I am confused by the definition of probabilistic checkable proofs.

Language $L$ has an $(r(n),q(n))$ - PCP verifier, if there is a PPA V satisfying:

Efficiency: $V$ uses at most $r(n)$ random coins and makes at most $q(n)$ nonadaptive queries to location of $\pi$.

Completeness: $x \in L, \exists \pi \in \{0,1\}^*, Pr[V^{\pi}(x)=1]=1$

Soundness: $x \notin L, \forall \pi \in \{0,1\}^*, Pr[V^{\pi}(x)=1]\leq\frac{1}{2}$

The main question:

  • Why does PCP need randomness?
  • How exactly are random coins used in the PCP?
  • And what happens when these random coins are actually deterministic?
  • Where does the effective proof length bound of $2^{r(n)}q(n)$ come from?
Asked By : com

Answered By : Yuval Filmus

The way a PCP works is like so: in order to verify some property, the prover presents a proof P which is "easily testable". The way to test it is to query the proof at a small number $q(n)$ of points. We want the PCP to satisfy two properties:

  1. If the property actually holds, the verifier should always (or almost always) accept.
  2. If the property doesn't hold, then the verifier would notice with some constant probability.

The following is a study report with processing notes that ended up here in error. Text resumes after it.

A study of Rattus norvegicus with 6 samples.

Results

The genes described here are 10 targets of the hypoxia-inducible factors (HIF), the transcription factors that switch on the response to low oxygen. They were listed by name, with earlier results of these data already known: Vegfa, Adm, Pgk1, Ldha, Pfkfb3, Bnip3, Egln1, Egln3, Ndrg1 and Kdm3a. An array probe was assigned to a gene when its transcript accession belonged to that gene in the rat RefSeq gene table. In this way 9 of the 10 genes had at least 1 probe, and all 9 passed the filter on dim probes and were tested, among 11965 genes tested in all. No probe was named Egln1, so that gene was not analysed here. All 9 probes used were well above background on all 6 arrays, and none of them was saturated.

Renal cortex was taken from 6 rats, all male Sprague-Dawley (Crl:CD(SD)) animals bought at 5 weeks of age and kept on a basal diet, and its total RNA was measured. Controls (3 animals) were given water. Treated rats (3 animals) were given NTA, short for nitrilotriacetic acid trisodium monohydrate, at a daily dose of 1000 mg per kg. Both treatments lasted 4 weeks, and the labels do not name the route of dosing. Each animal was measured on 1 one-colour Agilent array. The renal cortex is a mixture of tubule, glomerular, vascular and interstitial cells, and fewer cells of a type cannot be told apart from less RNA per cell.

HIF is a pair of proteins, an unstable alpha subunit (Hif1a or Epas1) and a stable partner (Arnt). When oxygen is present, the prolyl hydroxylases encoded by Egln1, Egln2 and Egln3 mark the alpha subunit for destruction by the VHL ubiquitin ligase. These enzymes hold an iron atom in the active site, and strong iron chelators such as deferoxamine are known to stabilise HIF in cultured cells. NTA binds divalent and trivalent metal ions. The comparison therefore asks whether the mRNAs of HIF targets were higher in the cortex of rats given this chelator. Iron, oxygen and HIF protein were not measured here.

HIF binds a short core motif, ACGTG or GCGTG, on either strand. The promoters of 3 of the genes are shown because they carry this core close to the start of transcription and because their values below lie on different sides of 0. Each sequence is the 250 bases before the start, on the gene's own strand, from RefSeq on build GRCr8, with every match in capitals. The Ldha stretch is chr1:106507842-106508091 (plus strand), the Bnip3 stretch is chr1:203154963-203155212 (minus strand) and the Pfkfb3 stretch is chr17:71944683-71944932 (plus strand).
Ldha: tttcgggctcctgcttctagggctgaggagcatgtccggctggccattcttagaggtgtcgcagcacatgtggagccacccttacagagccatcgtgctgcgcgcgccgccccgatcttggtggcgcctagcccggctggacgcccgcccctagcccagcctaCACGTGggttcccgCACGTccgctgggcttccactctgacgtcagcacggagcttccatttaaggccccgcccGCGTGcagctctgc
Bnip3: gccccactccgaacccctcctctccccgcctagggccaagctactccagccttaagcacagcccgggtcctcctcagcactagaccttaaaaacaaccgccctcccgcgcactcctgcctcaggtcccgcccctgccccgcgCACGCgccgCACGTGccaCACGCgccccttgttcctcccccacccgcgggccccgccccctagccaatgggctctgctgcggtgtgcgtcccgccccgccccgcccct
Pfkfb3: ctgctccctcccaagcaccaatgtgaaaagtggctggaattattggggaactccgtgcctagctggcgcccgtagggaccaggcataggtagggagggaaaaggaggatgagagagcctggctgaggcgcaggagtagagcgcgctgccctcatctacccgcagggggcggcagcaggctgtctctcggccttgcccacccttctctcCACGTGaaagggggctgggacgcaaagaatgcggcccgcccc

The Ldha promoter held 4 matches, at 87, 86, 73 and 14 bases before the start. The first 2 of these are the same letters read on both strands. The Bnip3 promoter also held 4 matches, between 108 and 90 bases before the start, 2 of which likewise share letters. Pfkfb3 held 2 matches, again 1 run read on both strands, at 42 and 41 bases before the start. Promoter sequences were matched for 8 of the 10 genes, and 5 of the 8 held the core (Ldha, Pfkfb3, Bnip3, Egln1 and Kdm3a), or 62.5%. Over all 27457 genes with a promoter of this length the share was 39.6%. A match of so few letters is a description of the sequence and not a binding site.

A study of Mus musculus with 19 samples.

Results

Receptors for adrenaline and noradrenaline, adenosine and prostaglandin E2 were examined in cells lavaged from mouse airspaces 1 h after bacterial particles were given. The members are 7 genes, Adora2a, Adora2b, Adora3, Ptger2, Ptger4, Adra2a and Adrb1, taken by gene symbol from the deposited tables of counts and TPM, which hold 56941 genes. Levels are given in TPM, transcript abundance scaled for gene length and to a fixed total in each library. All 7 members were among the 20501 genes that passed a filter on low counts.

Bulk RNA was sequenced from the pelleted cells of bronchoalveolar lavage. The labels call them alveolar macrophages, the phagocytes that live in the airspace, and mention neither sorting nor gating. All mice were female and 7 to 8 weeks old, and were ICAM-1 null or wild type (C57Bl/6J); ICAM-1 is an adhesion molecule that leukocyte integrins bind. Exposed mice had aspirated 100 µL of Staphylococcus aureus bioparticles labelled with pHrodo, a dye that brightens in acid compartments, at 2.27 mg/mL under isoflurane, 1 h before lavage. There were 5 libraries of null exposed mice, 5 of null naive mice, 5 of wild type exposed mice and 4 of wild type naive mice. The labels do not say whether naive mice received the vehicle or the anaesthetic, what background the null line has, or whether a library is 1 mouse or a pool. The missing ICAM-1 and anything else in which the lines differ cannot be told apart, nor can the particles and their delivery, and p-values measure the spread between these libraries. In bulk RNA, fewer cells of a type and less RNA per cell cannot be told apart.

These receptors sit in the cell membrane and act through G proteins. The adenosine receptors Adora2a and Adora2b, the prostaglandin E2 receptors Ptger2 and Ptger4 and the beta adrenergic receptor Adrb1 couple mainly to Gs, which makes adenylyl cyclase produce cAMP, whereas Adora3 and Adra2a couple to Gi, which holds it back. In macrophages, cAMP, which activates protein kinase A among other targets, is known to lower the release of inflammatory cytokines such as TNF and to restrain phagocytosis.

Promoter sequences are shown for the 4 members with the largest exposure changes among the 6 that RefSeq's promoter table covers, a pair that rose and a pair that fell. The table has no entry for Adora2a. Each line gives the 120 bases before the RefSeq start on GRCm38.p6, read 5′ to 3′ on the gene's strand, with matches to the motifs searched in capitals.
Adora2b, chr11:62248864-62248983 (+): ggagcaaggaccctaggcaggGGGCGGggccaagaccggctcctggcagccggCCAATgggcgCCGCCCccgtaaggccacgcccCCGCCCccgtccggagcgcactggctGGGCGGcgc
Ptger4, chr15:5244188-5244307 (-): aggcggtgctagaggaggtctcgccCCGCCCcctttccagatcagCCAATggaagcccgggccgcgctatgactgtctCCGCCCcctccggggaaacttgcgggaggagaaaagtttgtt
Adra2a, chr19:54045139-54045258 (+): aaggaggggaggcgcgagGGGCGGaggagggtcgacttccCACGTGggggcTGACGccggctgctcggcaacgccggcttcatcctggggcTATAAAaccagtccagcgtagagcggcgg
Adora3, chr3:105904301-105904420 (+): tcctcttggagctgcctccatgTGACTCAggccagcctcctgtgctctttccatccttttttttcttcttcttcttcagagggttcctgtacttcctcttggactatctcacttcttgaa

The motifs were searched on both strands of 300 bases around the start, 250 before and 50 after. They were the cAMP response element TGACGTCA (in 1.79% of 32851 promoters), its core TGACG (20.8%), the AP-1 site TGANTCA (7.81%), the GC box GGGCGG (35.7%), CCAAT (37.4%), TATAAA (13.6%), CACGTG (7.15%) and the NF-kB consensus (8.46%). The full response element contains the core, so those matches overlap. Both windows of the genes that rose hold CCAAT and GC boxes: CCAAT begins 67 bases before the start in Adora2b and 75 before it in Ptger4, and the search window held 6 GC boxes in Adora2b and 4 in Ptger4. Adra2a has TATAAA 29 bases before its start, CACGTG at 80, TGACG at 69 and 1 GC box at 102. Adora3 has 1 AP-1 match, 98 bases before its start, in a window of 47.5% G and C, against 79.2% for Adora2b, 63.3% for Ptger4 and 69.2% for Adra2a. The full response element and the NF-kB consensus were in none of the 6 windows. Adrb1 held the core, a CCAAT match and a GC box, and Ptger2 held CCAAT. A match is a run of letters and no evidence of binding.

Now if the proof is long and the verifier only looks at a small number $q(n)$ of them, then they better be random! Otherwise it's very easy to fool the verifier. That should answer your first and third questions.

How are the random coins used? In an arbitrary way. The verifier chooses $r(n)$ random coins, and based on them queries the proof at $q(n)$ points. Then she applies a test which always succeeds in YES instances (the property holds), but fails with constant probability (over the coin tosses) in NO instances (the property doesn't hold). That should answer the second question.

Since there are $r(n)$ coins, there are $2^{r(n)}$ different outcomes for the coins, and so the verifier in total queries the proof in at most $2^{r(n)}q(n)$ different places. That answers your fourth question.

What's the point of a PCP? We can encode the verifier as a CNF whose variables are the bits of the proof: for each of the $2^{r(n)}$ coin tosses, there are clauses encoding that the $q(n)$ bits sampled pass the verifier's test. If it's a YES instance, then this CNF is satisfiable. If it's a NO instance, then the verifier fails with some constant probability, and so a constant fraction of the clauses in the CNF are always unsatisfied.

The PCP theorem gives a PCP for 3SAT with $q(n) = O(\log n)$ and $r(n) = O(1)$. That means that given a 3CNF, we can come construct a new CNF of length $O(2^{q(n)}) = n^{O(1)}$ using the construction outlined in the preceding paragraph such that (i) if the original 3CNF formula is satisfiable, so is the new one, (ii) otherwise, at most $1-\epsilon$ fraction of the clauses can ever be satisfied in the new CNF. That gives a hardness of approximation result for 3SAT.

Using Raz's parallel repetition theorem, Håstad obtained a construct in which in case (ii), at most $7/8+\epsilon$ of the clauses can be satisfied, thus obtaining an optimal inapproximability result. (It's optimal since a random assignment satisfies $7/8$ of the clauses; this algorithm can be derandomized using the method of conditional expectations.)